The TORONTO 2015 Pan American Games took place July 10 to 26 and the Parapan American Games August 7 to 14. The Games were expected to draw more than 10,000 athletes, coaches and team officials and feature 51 sports in municipalities across the Greater Golden Horseshoe area. The TORONTO 2015 Pan American Games were the largest sporting event ever hosted in Canada.
Dressage, eventing, jumping — Of the three disciplines that make up equestrian at the Pan Am Games, eventing is the most demanding for the horses as it combines not only dressage and show jumping, but also a long cross-country course with natural and artificial obstacles. The cross-country event day is also widely considered one of the most dangerous sporting events.
Dressage, offers an unforgettably elegant and graceful aesthetic experience. Magnificent horses and their riders take to a 60 metre by 20 metre arena where a panel of judges scores the work of the horse-and-rider pairs as they perform prescribed elements including a walk, trot and canter according to a scripted pattern, and also a freestyle routine specifically choreographed by each competitor and performed to music.
The jumping competition tests speed, skill, power and control as horses and riders attempt to establish a fast, “clean” (no jumps knocked down) ride through a course of approximately 15 fences in the arena. Men and women compete directly against each other.
The Caledon Equestrian Park hosted the majority of equestrian events for the 2015 Pan American Games. The Park has been host to equestrian competitions for over 20 years, including 15 World Cup qualifiers, 4 Pan American Game selection trials, two Olympic selection trials and more than 150 national Grand Prix events.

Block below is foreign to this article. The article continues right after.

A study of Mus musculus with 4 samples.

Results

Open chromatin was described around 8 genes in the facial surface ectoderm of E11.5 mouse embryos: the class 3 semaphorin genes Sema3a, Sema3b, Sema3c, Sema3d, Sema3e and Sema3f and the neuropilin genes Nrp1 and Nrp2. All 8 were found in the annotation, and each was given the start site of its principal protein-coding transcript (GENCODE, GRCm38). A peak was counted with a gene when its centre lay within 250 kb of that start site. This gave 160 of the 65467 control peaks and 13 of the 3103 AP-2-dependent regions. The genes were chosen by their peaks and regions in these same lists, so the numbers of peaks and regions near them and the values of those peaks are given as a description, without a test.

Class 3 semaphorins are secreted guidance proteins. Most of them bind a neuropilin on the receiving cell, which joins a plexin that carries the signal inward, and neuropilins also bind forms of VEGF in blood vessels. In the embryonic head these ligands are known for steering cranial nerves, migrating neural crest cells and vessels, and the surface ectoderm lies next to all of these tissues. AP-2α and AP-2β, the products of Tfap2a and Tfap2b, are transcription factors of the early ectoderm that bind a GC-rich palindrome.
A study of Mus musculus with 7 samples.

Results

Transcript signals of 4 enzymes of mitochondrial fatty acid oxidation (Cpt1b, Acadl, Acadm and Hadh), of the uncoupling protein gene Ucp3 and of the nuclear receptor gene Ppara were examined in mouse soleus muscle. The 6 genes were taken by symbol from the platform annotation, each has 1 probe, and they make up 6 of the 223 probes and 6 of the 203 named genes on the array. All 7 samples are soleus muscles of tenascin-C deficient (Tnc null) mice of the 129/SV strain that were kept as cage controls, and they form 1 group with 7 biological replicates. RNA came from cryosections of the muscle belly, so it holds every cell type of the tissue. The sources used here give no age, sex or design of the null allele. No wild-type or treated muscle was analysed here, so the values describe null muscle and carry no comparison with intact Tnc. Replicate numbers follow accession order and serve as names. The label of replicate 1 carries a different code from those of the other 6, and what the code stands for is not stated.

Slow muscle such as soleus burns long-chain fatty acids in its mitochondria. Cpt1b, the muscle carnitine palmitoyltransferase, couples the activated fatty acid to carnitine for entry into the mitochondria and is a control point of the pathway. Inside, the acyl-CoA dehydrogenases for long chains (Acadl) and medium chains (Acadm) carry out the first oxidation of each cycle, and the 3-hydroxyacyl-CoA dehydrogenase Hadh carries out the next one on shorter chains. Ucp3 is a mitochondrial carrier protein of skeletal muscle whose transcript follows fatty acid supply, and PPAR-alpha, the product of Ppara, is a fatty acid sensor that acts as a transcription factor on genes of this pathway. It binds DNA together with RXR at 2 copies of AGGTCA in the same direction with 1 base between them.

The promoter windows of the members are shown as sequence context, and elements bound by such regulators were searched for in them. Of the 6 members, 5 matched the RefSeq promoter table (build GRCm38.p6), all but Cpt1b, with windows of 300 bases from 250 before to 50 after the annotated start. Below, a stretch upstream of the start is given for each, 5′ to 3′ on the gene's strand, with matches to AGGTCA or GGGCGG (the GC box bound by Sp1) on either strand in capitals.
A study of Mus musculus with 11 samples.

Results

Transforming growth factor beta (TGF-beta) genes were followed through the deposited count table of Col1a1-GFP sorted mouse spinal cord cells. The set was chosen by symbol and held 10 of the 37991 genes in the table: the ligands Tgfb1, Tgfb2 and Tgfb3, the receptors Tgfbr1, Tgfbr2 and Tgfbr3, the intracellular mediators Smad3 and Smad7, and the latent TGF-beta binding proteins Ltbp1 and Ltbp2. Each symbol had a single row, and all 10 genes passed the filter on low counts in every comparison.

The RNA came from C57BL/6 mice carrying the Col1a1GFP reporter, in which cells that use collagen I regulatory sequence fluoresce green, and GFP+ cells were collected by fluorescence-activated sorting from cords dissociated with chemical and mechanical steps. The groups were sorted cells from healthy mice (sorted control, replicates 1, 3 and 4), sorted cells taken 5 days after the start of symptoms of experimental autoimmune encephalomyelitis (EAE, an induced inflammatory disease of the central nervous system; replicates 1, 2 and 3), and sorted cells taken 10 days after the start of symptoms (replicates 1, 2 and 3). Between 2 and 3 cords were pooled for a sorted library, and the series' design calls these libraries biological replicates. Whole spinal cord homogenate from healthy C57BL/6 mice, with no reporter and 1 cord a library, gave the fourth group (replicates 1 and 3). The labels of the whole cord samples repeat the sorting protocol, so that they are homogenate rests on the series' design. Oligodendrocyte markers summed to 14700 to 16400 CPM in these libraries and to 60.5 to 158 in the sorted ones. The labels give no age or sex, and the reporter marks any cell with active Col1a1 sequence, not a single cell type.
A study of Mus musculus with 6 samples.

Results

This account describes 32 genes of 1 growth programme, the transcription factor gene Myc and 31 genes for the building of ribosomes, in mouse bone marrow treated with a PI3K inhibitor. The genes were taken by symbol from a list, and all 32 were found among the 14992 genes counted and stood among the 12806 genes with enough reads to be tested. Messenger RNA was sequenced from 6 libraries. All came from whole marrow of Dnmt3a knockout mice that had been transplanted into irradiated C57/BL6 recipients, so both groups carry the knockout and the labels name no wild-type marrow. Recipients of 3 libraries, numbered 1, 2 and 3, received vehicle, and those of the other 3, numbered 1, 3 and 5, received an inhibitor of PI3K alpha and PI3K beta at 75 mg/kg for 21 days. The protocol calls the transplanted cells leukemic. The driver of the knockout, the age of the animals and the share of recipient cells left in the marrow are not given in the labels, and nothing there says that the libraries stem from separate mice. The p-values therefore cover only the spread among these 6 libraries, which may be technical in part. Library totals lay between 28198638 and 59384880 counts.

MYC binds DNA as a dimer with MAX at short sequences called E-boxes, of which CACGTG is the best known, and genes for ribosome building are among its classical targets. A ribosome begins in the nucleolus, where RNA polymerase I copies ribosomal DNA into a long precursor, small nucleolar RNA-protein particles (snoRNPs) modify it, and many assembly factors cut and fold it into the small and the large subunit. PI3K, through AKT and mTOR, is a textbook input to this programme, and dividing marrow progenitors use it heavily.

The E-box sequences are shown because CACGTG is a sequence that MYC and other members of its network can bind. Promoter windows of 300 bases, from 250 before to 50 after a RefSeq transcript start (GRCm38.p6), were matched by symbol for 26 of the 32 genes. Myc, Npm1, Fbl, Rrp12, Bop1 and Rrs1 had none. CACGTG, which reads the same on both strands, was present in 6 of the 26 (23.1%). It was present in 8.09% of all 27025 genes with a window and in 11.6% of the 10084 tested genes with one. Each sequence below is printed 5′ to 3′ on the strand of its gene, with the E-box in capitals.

Located in Mono, Ontario, Will O’Wind Farm was the host venue for the Eventing Cross Country portion of the 2015 Pan Am Games. As a truly top ranking facility Will O’Wind is renowned for the meticulous care and detail put into their courses and they strive to keep things fresh and well-maintained, offering new jumps and fastidiously maintained footing for all of their events.
The Town of Caledon was one of more than 130 communities – with 3,000 torchbearers participating – to take part in 41-day journey starting in May 2015 with the traditional Aztec lighting ceremony at the Pyramid of the Sun in Teotihuacan, Mexico.
The Canadian journey for the flame started with its arrival in Toronto on May 30, 2015. It then traveled to the five other Canadian cities – Calgary, Winnipeg, Montreal, Halifax and the Greater Vancouver Area – and more than 130 Ontario communities towards the lighting of the cauldron on July 10, 2015, during the Opening Ceremony in downtown Toronto.